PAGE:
Harpster v. Hetherington


Carolyn HARPSTER, Respondent, v. Thomas HETHERINGTON, et al., Petitioners, Appellants.

No. C9-93-787.

Supreme Court of Minnesota.

March 4, 1994.

Bradley C. Warner, Jack D. Moore & Associates, St. Paul, for appellant.

Rodney J. Mason and Gerald P. Barnaby, Chandler & Mason, Ltd., St. Paul, for respondent.

Considered and decided by the court en banc without oral argument.


In this slip-and-fall case, the conduct of defendants claimed and found to be negligent was not, as a matter of law, a direct cause of plaintiff's injuries. We reverse the court of appeals' affirmance of the jury's verdict.

Mrs. Harpster (the plaintiff) and Mr. and Mrs. Hetherington (the defendants) are good friends and next-door neighbors. About midday on December 17, 1988, Mrs. Harpster walked over to the Hetherington house the two neighbors had keys to each other's homes to attend to the Hetherington dog. Mrs. Harpster went in through the garage and let the dog out into the fenced-in backyard while she prepared a meal for the dog. When she went to call the dog back in the house, she discovered it was not in the backyard, having escaped through a broken gate in the fence.

Mrs. Harpster then went through the house to the front door, intending to call the dog from there. As she stepped out on the front stoop, she slipped and fell, fracturing her right arm. Because of a change in temperature, the surface of the front stoop had become icy that morning.

*586 Plaintiff Harpster sued defendants Hetherington, claiming the defendants were negligent in their maintenance of the gate to the backyard fence and that this negligence caused her to fall off the front stoop. The trial court allowed the case to go to the jury on this theory, and the jury found defendants 60 percent at fault in causing the accident and plaintiff 40 percent. It is important to note that plaintiff does not claim defendants were negligent in having a slippery front door entrance, apparently conceding that the icy condition of the stoop had developed during the day while defendants were absent at work.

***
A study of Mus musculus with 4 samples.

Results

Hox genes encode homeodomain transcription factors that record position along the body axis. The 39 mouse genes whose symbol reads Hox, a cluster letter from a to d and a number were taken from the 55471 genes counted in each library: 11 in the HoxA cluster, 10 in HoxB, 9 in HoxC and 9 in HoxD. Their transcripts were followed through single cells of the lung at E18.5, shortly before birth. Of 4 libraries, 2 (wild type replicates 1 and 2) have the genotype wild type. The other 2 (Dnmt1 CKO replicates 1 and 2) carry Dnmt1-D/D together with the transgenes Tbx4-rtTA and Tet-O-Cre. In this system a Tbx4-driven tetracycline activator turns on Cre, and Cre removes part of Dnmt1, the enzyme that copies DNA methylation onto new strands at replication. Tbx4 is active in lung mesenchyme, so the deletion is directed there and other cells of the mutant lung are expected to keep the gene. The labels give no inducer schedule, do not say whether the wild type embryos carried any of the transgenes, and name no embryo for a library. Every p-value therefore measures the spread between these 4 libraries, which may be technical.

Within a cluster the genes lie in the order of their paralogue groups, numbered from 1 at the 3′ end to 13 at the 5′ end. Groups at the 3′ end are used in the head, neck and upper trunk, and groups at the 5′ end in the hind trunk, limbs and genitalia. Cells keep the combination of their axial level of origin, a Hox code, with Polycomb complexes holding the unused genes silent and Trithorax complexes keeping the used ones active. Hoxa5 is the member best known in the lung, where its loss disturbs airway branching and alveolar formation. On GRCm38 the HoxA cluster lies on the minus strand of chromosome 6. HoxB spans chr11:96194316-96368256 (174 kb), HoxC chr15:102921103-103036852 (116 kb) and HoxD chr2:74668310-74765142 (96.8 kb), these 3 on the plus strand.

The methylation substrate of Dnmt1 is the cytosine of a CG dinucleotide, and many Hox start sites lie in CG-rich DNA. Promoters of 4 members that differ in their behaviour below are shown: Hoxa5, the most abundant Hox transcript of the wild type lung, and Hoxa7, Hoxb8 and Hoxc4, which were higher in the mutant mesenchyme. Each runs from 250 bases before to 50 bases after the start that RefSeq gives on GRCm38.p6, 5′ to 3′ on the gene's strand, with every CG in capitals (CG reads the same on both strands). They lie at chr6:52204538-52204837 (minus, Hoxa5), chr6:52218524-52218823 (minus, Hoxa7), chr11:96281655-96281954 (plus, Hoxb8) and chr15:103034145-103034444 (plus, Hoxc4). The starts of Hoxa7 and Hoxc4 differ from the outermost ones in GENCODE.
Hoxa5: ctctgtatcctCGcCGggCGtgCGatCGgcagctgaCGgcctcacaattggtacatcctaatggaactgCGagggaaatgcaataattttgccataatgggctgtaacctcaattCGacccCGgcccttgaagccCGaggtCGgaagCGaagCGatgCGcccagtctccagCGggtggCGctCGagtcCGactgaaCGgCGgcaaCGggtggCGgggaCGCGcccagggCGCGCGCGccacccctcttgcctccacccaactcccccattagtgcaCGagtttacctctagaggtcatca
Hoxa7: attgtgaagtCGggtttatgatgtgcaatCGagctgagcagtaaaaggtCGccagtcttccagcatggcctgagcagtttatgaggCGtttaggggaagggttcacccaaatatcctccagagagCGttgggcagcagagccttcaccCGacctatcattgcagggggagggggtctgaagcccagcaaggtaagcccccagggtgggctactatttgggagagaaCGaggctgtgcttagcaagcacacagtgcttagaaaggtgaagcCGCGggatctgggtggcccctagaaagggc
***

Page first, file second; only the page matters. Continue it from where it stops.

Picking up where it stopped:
Defendants' motion for judgment notwithstanding the verdict or a new trial was denied. The court of appeals, 2-to-1, affirmed in an unpublished decision. We granted further review. See Minn.R.Civ.App.P. 117, subd. 2(c).

Mr. Hetherington, when called for cross-examination, stated that the gate had been broken for 4 to 6 weeks, that he had not gotten around to fixing it, and that the dog had escaped at least twice before. Then:

Q. If [the gate] had been in good repair, the incident on the porch of your house would not have occurred? A. There would have been no reason for it to.

Obviously plaintiff's theory of recovery relies on a "but for" causation test. This test has long been discredited in this state and was most recently rejected in Kryzer v. Champlin American Legion No. 600, 494 N.W.2d 35 (Minn.1992), a case neither party cites. In Kryzer, the plaintiff husband brought a dramshop action, arguing that but for his wife's intoxication she would not have been ejected from the bar, and but for her ejection she would not have been injured. We pointed out that the wife's intoxication was merely the occasion for her ejection, not the cause of her injury. Id. at 37.

Here, in like fashion, plaintiff argues that but for the broken gate the dog would not have escaped, and but for the dog's escape she would not have gone out on the front stoop and fallen. This is much like arguing that if one had not got up in the morning, the accident would not have happened. The fact that the dog escaped through the broken gate was simply the occasion for plaintiff to go out on the icy front stoop, not a cause of her fall.

The problem with the "but for" test, as this case illustrates, is that with a little ingenuity it converts events both near and far, which merely set the stage for an accident, into a convoluted series of "causes" of the accident. This can lead, as it did in this case, to a spirited but irrelevant argument over whether plaintiff's failure to check the front stoop was a superseding, intervening cause. Not only does the "but for" test obfuscate the legal doctrine of causation, but it distorts the basic tort concept of duty. Thus in our case here, as the dissenting judge on the court of appeals panel noted, it can also be said that, as plaintiff stepped out the front entrance of the house, the defendants owed no duty to plaintiff at that time to repair the backyard gate.

Reversed with judgment to be entered for defendants.